Rules of Engagement

The term “Rules of Engagement” is generally considered a military expression, but certainly isn’t limited to the military. In the martial sense, it defines how and when our fighting men and women can pull the trigger, drop the bombs, or fire the torpedoes, when they come in contact with an enemy. In law enforcement the rules of engagement are usually a lot less restrictive than in our armed forces. Seeing a felony, an officer is required to make an arrest, when possible, but has discretion in most misdemeanor violations. In both organizations, though, these rules are put in place to prevent the start or escalation of a conflict or to prevent the killing or injuries of non-combatants.

It was probably in the Korean War that the rules of engagement began to get confusing and started getting our troops killed and injured. Certainly during the Vietnam war, politicians began restricting areas where our bombers could bomb or areas our soldiers could attack. The result was that many more of our military personnel were killed and injured than would have occurred otherwise. These two wars in particular, should have taught our leaders some valuable lessons. The first lesson is that if we don’t intend to win a conflict, we should not risk our most valuable resource, our fighting men and women, by putting them in harm’s way.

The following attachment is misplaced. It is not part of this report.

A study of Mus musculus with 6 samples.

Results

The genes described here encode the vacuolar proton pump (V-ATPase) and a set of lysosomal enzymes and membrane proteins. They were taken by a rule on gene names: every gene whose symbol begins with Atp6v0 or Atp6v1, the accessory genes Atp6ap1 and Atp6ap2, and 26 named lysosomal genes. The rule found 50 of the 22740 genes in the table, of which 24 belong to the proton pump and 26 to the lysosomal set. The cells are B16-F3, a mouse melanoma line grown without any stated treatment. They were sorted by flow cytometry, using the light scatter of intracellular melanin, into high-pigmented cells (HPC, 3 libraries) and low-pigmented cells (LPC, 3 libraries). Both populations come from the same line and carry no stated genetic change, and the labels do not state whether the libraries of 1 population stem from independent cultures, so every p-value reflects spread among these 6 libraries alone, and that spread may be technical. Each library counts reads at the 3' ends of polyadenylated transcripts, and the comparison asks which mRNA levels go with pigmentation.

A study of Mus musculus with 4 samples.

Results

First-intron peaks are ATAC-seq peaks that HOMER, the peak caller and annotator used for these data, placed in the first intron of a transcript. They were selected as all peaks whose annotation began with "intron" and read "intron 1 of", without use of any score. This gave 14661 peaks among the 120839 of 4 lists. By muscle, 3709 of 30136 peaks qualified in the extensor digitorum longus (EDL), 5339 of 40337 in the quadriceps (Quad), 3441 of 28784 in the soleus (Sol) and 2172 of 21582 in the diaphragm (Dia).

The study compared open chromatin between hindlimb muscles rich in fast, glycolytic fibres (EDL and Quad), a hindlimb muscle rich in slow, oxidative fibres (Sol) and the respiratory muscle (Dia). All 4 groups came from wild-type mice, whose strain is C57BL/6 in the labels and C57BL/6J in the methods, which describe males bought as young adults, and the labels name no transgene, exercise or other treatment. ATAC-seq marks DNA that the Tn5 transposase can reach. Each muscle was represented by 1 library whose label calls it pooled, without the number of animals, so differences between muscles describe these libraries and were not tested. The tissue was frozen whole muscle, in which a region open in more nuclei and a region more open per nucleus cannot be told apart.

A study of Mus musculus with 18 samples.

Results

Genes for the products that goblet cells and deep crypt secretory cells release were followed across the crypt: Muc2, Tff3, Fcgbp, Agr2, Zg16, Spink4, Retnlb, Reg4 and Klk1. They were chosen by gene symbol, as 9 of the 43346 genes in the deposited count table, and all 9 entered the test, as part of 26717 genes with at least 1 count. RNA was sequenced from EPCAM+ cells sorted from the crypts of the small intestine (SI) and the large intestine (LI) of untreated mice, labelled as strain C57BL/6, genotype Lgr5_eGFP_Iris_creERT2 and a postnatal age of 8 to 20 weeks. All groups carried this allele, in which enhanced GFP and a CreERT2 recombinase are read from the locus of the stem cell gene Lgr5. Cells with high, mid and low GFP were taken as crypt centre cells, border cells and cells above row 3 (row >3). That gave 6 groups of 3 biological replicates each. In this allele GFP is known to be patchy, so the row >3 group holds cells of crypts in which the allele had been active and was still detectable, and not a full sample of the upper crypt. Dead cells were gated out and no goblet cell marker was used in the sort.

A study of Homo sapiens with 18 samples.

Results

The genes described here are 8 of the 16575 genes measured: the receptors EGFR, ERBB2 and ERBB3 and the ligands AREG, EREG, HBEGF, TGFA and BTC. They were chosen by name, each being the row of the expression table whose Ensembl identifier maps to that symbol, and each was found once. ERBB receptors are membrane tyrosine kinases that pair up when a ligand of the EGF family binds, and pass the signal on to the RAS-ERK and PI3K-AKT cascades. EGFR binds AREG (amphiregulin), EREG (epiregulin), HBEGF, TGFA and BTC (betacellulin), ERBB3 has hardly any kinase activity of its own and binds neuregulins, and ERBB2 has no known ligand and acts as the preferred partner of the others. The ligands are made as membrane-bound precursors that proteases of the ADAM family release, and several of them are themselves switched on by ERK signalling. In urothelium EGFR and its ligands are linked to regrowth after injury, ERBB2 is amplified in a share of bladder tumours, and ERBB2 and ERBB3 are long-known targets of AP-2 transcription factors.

The second lesson is that the rules of engagement should be made by those at the site of, or the vicinity of the conflict, not those back in Washington. There are horror stories of US Presidents, Secretaries of Defense and other Cabinet officials picking bombing targets in Vietnam and then notifying the enemy, through neutral countries, where those sites were so as not to cause civilian casualties. It was so nice of them to show such compassion for our enemy’s civilians. It would have been decent of them to show the same compassion for our pilots who were shot down because the North Vietnamese knew they were coming.

Our leaders apparently didn’t learn these lessons. When my Marine son was in Iraq in 2004, they were not allowed to shoot at the enemy until they were shot upon first. Even more ridiculous, they were not allowed to attack Mosques even when they saw armed enemy combatants going into them and they knew that the enemy kept their weapons in those buildings. There is no more telling indication that our politicians from both parties care less about those who protect this country, than rules of engagement that put our warriors of all military branches in danger because of political correctness and/or fear of a media or public backlash

This is exactly what happened to our front line law enforcement officers after the George Floyd incident. Leftist leaders in our most progressive cities denied law enforcement the right to do their jobs. This past summer we’ve all seen the disastrous results of the “rules of engagement” placed on our police officers by politicians. Actually, there seemed to be only one rule of engagement and that was to not engage or to “Stand down.” This enabled the so-called “peaceful protesters” to violently attack police officers, vandalize and loot buildings and commit numerous acts of arson.

What ignorant political leaders fail to understand is that in any war and/or civil conflict, the best way to prevent, stop or deescalate a battle or civil riot is to meet it with overwhelming strength. To let a combat enemy know that they can do whatever they want until THEY fire the first shot shows them we are weak and they will exploit it. Similarly, if those intent on rioting know that the police have been ordered to “stand down”, they will exploit that weakness and riot, loot and burn cities down. Last summer’s riots are proof that this is true.